Chinese PC maker CWWK is selling a set of tiny desktop computers that measure just 75.4 x 75.4 x 52.5mm (3″ x 3″ x 2.1″), but which pack a lot of functionality into that compact design.

The CWWK Mini M1, for example, features dual 2.5 GbE Ethernet ports and support for up to three displays, while the CWWK Superfan M1 only supports two displays, but has four 2.5 GbE Ethernet ports. And both models are available with a choice of Intel Processor N100, N200, or Core i3-N305 chips, up to 16GB of RAM, and up to a 1TB SSD.

While the little computers aren’t the cheapest Alder Lake-N mini PCs I’ve seen. I’m impressed with the number of configuration options available, given the computer’s compact design.

And CWWK is offering a 10% coupon for customers who shop at Amazon at the moment, which means that as of Nov 3, 2023 prices start at:

CWWK Superfan M1 (4 x 2.5 GbE Ethernet)

CWWK Mini M1 (2 x 2.5 GbE Ethernet)

Keep in mind that those prices are subject to change though (all prices were a bit higher when I checked again on November 6, 2023).

You can also pay more for models with up to 16GB of RAM or up to a 1TB SSD, or you can bring your own: the computer has an M.2 2242 slot for a PCIe 3.0 x2 SATA or NVMe SSD.

The little computers are also available from the CWWK Store at AliExpress, but at time of publication it’s cheaper to buy them from Amazon.

The computer’s LPDDR5-4800 memory is soldered to the mainboard though, so you’ll want to decide between the 8GB and 16GB options when buying the computer.

Note that the selection of ports varies depending on whether you opt for a model with 2 Ethernet ports or 4:

CWWK Mini M1CWWK Superfan M1
Ethernet2 x Intel i226-V4 x Intel i226-V
HDMI2 x HDMI 2.01 x HDMI
USB Type-A3 x USB 3.0 Type-A2 x USB 3.0 Type-A
USB Type-C1 x (video and data)
1 x (12V – 19V power only)
1 x (video and data)
1 x (12V – 19V power only)
Audio1 x 3.5mm mic/headphone combo
Starting price$203 (as of Nov 3, 2023)$212 (as of Nov 3, 2023)

Also worth keeping in mind is that the computers are actively cooled, with a copper thermal block and a 60 x 10mm fan inside the case.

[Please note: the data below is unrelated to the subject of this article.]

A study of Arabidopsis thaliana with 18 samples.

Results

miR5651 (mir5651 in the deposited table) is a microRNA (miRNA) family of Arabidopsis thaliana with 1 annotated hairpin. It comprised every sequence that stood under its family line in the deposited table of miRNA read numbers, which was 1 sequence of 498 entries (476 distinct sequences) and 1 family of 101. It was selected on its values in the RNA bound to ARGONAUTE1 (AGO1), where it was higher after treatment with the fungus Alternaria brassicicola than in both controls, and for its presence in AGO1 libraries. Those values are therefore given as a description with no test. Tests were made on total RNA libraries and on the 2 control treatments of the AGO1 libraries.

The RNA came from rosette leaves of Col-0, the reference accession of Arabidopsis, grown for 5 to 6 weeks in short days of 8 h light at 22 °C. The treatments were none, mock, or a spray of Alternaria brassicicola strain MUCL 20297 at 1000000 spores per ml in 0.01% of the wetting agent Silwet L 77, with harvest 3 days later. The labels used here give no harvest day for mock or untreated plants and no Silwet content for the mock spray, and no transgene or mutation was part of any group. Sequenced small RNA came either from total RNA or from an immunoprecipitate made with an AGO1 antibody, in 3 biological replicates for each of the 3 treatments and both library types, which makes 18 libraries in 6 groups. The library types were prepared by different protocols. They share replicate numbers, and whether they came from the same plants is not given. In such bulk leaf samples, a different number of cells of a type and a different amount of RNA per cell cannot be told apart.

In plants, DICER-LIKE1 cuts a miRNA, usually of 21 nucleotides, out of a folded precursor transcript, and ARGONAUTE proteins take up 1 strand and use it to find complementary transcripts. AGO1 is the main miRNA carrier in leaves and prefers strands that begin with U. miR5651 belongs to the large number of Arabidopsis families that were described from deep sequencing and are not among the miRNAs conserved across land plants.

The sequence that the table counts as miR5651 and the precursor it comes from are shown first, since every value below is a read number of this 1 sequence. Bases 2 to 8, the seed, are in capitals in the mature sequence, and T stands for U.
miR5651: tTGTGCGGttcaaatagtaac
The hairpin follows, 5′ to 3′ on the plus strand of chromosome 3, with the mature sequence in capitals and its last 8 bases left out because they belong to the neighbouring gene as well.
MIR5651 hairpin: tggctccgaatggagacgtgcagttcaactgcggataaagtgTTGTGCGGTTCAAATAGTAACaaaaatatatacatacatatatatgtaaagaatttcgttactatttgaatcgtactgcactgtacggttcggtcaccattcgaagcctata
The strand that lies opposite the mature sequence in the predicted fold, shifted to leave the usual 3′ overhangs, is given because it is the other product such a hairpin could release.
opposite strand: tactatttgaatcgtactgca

The computers feature Intel i226-V Ethernet controllers, and should be compatible with a wide range of software and operating systems: you can use them as little Windows or Linux PCs, or as networking appliances for applications such as network-attached storage, personal file server, or firewall, or router, among other things.

While the computers don’t ship with a wireless card, CWWK says they can support an optional WiFi module package with a tempered glass cover and support for Realtek or Intel WiFi6/Bluetooth 5.2 cards. I haven’t found a purchase link for that yet though.

CWWK Mini M1

CWWK Superfan M1


  2. Is the USB-C power input standard conform?

    I mean, if it is just a plain 12V – 19V intake, then use good oldschool 5.3mm coax connector, or similar, but not USB-C.
    Otherwise, if it is actually using PD to negotiate Voltage >5.0V, that would be great, too.

  3. Wish we’d start seeing these with 10gbps ports. 2.5gb is annoying because there’s never a 2.5G plan from the ISP. Here in Canada for example it would be 1gbps, 3gbps, 5gbps, 8gbps at Bell for example

    Give us the 10GbE already guys come on

  4. I’m running one of CWWK’s “Home Router” boxes (branded KingnovyPC) on Win11Pro right now, N305/16G RAM/4TB nvme. I was curious to see if it could function as a low-powered gaming device. It seems to work well enough at 720p-low for most of the stuff I play, GTA-V, The Long Dark, that kinda thing. Ark struggles in Win, was better in Ubuntu; I doubt any new AAA game will work. I see CWWK is offering a 4*nvme expansion board for these systems, now, so maybe they have the storage capacity for a NAS or HTPC. I get 33W power draw at full chat, 10W at idle.

    I suspect the guts of the machines in this article are the same as the 4-port home router I have, packaged differently. I’m don’t think the smaller form factor has a place in my hoard, but it would function well as a replacement workstation, if you don’t need the greater capacities that 2280 drives can offer.

  5. There are load of these PC’s.

    I have a 10 years old PC which was just ultra slow. I put in the maximum memory it would take and an SSD. Now it’s running again on windows 10.

    Many sites recommend buying a refurbished Lenovo or DELL pro PC for 100-200$ saying they’re speedy, consume 10-20W. Then we have these mini’s coming from mostly china. I even have an old chineese mini PC which is now running slow which was to replace a smart TV.

    So what’s the best choice, a refurb or a chineese mini PC, which might have a more modern CPU ?

      1. This is not the world’s first DC powered motherboard. “thin-mini ITX” form factor has been available for almost a decade. I had a socketed 4th gen Intel system running on a GA-Q87tn motherboard from gigabyte, powered by a Dell laptop charger.

    1. Because they would cost 100€ more. AMD abandoned completelly low cost market since they released Ryzen, and the only “low cost” you find are Mini PC’s with 2nd or 3rd gen Ryzen mobile computers, and even so they are pricier than N100 ones. I like AMD better than Intel for so many reasons, but low cost isn’t one of them whatsoever.